Forgive Me, Leonard Peacock – Matthew Quick Review

Forgive Me, Leonard Peacock Today is Leonard Peacock’s birthday. It is also the day he hides a gun in his backpack. Because today is the day he will kill his former best friend, and then himself, with his grandfather’s P-38 pistol.

But first he must say good-bye to the four people who matter most to him: his Humphrey Bogart-obsessed next-door neighbor, Walt; his classmate, Baback, a violin virtuoso; Lauren, the Christian homeschooler he has a crush on; and Herr Silverman, who teaches the high school’s class on the Holocaust. Speaking to each in turn, Leonard slowly reveals his secrets as the hours tick by and the moment of truth approaches.

In this riveting look at a day in the life of a disturbed teenage boy, acclaimed author Matthew Quick unflinchingly examines the impossible choices that must be made—and the light in us all that never goes out.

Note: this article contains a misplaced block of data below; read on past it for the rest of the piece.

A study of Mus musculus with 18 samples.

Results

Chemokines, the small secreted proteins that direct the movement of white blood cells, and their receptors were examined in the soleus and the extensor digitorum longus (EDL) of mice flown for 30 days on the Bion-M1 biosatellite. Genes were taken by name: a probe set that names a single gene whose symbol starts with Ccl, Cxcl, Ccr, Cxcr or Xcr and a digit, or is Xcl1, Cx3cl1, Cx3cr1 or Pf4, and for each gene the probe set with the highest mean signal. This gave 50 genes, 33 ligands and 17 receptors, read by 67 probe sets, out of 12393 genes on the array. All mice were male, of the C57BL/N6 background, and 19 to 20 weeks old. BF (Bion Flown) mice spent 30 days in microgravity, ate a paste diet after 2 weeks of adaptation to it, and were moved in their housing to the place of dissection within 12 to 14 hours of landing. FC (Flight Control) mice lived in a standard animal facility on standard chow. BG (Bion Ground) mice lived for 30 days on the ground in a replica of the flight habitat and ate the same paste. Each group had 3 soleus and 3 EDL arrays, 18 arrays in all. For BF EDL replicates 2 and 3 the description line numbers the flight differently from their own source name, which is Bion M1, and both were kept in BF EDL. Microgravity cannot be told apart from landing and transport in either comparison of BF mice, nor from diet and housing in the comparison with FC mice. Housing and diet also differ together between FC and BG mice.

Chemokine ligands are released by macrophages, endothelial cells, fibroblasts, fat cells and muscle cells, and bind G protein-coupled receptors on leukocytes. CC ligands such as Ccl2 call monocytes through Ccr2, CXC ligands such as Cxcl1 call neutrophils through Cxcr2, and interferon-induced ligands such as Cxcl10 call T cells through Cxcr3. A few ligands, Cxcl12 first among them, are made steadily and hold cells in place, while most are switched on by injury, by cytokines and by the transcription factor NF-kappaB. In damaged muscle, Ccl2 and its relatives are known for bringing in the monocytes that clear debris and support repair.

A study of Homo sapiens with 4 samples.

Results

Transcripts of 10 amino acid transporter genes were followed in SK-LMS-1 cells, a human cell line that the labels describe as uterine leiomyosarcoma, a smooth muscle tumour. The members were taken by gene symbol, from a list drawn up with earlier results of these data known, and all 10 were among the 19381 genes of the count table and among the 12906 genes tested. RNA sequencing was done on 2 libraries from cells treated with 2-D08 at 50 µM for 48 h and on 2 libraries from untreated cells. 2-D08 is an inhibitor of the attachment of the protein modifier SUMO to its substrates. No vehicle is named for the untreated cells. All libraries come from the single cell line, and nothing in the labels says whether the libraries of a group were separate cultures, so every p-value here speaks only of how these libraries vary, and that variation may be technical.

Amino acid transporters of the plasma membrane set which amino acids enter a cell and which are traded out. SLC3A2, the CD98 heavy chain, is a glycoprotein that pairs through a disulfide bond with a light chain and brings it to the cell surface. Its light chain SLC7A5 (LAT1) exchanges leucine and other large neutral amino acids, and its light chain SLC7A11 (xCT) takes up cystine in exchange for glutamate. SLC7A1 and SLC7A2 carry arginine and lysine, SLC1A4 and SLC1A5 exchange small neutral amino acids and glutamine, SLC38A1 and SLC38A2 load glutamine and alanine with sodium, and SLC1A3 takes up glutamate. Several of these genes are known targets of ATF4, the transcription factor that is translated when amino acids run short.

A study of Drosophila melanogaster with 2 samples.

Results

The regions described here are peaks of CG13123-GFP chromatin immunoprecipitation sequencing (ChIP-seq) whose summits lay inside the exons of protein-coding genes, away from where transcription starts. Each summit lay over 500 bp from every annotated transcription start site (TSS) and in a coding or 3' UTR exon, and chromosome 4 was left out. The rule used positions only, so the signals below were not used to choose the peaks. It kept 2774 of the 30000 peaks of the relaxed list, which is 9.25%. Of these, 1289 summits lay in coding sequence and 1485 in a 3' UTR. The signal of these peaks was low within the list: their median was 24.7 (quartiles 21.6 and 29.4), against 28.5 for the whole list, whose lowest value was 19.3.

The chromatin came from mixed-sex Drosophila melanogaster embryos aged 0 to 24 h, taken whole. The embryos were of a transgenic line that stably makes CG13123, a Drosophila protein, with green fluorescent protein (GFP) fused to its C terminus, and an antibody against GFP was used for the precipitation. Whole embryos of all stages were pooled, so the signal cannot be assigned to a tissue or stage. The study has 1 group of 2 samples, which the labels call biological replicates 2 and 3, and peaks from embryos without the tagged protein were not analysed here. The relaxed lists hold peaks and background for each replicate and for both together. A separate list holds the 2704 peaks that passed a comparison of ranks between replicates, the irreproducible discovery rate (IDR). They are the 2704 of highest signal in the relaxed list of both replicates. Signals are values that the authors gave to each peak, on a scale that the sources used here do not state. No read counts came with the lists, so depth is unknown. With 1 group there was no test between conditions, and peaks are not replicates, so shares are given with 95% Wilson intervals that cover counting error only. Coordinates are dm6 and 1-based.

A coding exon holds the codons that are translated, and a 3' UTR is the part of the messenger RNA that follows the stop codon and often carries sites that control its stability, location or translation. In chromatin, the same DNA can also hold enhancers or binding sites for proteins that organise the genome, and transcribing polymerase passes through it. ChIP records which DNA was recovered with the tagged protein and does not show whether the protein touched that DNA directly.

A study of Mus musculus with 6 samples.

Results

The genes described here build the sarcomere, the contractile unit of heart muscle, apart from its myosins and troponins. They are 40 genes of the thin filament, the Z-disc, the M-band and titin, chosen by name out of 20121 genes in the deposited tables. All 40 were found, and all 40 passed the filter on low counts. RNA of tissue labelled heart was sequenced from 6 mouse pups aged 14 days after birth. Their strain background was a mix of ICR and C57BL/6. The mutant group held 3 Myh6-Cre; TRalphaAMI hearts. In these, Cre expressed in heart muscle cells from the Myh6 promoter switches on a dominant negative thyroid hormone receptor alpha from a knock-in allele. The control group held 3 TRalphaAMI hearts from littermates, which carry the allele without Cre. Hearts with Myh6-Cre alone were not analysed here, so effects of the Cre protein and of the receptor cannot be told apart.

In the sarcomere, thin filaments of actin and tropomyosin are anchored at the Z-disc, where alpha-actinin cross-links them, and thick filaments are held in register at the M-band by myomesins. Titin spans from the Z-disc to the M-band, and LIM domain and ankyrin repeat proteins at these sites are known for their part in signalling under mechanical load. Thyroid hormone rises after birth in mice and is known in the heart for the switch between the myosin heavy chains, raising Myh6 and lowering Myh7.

The first book I read by Matthew Quick was The Silver Linings Playbook, which I really enjoyed. I was hoping that I’d enjoy Forgive Me, Leonard Peacock just as much, and while I did like it, I was also a little disappointed. This book is so close to being amazing, but it falls short.

The plot makes the novel sound like it’s going to be heartbreaking, and while it was interesting, I didn’t find it especially powerful. Everything is laid out in such a convenient manner, and there was nothing that I found especially shocking. The story didn’t reach me.

The characterization also fell a little flat. Leonard is one of those precocious characters, but I’ve read so many others like him and they were written better and more three dimensional than he was. The supporting cast was also not fully fleshed out. The only truly distinctive part about the book was the reason why Leonard wanted to kill his best friend and then himself. This was a topic that I haven’t encountered before in young adult novels, and I appreciated it’s discussion.

I wanted to like this book more than I did, but it wasn’t enough for me. I think there was something lacking in its writing and its characters that I didn’t fully connect with. However, I’ll still be reading the rest of Matthew Quick’s novels.